Steven Mandell, convicted in February of conspiring to kidnap, torture, extort and kill a Riverside businessman, has succeeded in postponing his sentencing date.

U.S. District Court Judge Amy St. Eve was slated to sentence the former death-row inmate on June 30. But after being found guilty, Mandell in April complained that his government-provided attorneys were ineffective. The attorneys sought permission to withdraw from the case, and St. Eve allowed the request, despite a protest from prosecutors that the 63-year-old Mandell was simply playing games.

“A defendant is not entitled to try on a new set of attorneys paid for by the public merely because he loses his case — yet that is precisely what he wants to do,” argued U.S. Assistant Attorney Zachary Fardon in his reply to Mandell’s attorneys’ request to withdraw.

On May 12, St. Eve granted the request for the attorneys to withdraw. On May 27, she appointed Francis C. Lipuma as counsel for Mandell and reset his sentencing date to Sept. 4.

However, Mandell will wait out his sentencing inside the Special Housing Unit at the Metropolitan Correctional Center in Chicago, and not in the prison’s general population. On the same date St. Eve allowed Mandell’s previous counsel to withdraw from the case, she rejected his plea to be released into the general prison population from solitary confinement.

St. Eve pointed to U.S. Attorney General Eric Holder’s decision to impose “special administrative measures” on Mandell as her reason for denying the request. There is a formal process for lifting special administrative measures, and Mandell must exhaust all remedies through that process, St. Eve ruled.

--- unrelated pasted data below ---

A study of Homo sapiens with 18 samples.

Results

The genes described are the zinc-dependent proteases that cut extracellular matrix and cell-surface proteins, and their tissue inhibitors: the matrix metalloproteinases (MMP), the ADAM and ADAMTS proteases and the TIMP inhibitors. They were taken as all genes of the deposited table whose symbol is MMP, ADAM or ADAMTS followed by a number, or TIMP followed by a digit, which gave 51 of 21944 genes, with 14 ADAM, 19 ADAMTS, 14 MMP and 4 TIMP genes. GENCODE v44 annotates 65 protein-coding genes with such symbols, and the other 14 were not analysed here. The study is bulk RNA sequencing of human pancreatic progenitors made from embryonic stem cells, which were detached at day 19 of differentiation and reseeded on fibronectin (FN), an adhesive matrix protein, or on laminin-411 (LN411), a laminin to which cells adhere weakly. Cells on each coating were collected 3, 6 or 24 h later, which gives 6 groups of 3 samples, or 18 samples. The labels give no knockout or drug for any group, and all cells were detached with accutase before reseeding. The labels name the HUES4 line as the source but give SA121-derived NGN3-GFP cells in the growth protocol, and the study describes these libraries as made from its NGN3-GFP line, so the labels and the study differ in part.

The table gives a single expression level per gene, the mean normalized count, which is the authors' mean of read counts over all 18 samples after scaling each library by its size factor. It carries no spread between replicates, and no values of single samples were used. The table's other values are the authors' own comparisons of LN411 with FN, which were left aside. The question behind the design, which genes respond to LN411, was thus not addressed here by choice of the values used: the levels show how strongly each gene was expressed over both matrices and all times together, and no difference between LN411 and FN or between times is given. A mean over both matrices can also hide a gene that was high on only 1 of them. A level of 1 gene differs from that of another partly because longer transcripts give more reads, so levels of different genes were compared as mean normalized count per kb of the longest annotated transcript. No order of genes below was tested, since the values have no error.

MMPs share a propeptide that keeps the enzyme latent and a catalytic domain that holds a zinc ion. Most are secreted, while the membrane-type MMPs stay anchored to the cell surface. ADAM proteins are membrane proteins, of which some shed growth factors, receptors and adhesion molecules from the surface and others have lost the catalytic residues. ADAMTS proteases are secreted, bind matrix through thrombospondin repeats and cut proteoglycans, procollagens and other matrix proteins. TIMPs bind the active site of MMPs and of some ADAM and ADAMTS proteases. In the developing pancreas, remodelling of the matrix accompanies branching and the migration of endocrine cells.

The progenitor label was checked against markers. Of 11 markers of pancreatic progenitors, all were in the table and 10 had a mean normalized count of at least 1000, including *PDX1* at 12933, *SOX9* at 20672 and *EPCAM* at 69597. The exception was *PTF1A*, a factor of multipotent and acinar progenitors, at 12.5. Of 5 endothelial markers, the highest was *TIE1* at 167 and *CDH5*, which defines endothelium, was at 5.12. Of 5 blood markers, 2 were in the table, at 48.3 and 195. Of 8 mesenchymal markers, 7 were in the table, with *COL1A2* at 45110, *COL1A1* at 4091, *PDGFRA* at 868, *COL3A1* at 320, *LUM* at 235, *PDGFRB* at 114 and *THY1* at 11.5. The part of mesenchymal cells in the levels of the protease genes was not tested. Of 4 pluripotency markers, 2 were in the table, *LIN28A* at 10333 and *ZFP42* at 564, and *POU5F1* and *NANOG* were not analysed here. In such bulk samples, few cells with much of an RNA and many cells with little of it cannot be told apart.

Prosecutors have argued that Mandell cannot be trusted in the general prison population. After being arrested on the day the lurid kidnapping/murder plot against Riverside resident Steven Campbell was supposed to take place, Mandell instructed his wife to have her destroy evidence in a car parked near Campbell’s home and reportedly tried to hire someone kill the government’s star witness against him.

Mandell, a former Chicago police officer who used to go by the name Steven Manning, was sentenced to death in 1993 for the murder of a former business associate. At the time, he was serving a life sentence in Missouri for a 1984 kidnapping/extortion plot.

However, Mandell got appeals courts to overturn both convictions against him. He even sued the FBI and won a multimillion-dollar settlement from the government. A court later overruled the settlement, and Mandell never collected.

Mandell continues to argue that the FBI concocted the Campbell case against him because they are seeking revenge against him. He testified that he never meant to follow through with the plot to kidnap, torture and kill Campbell.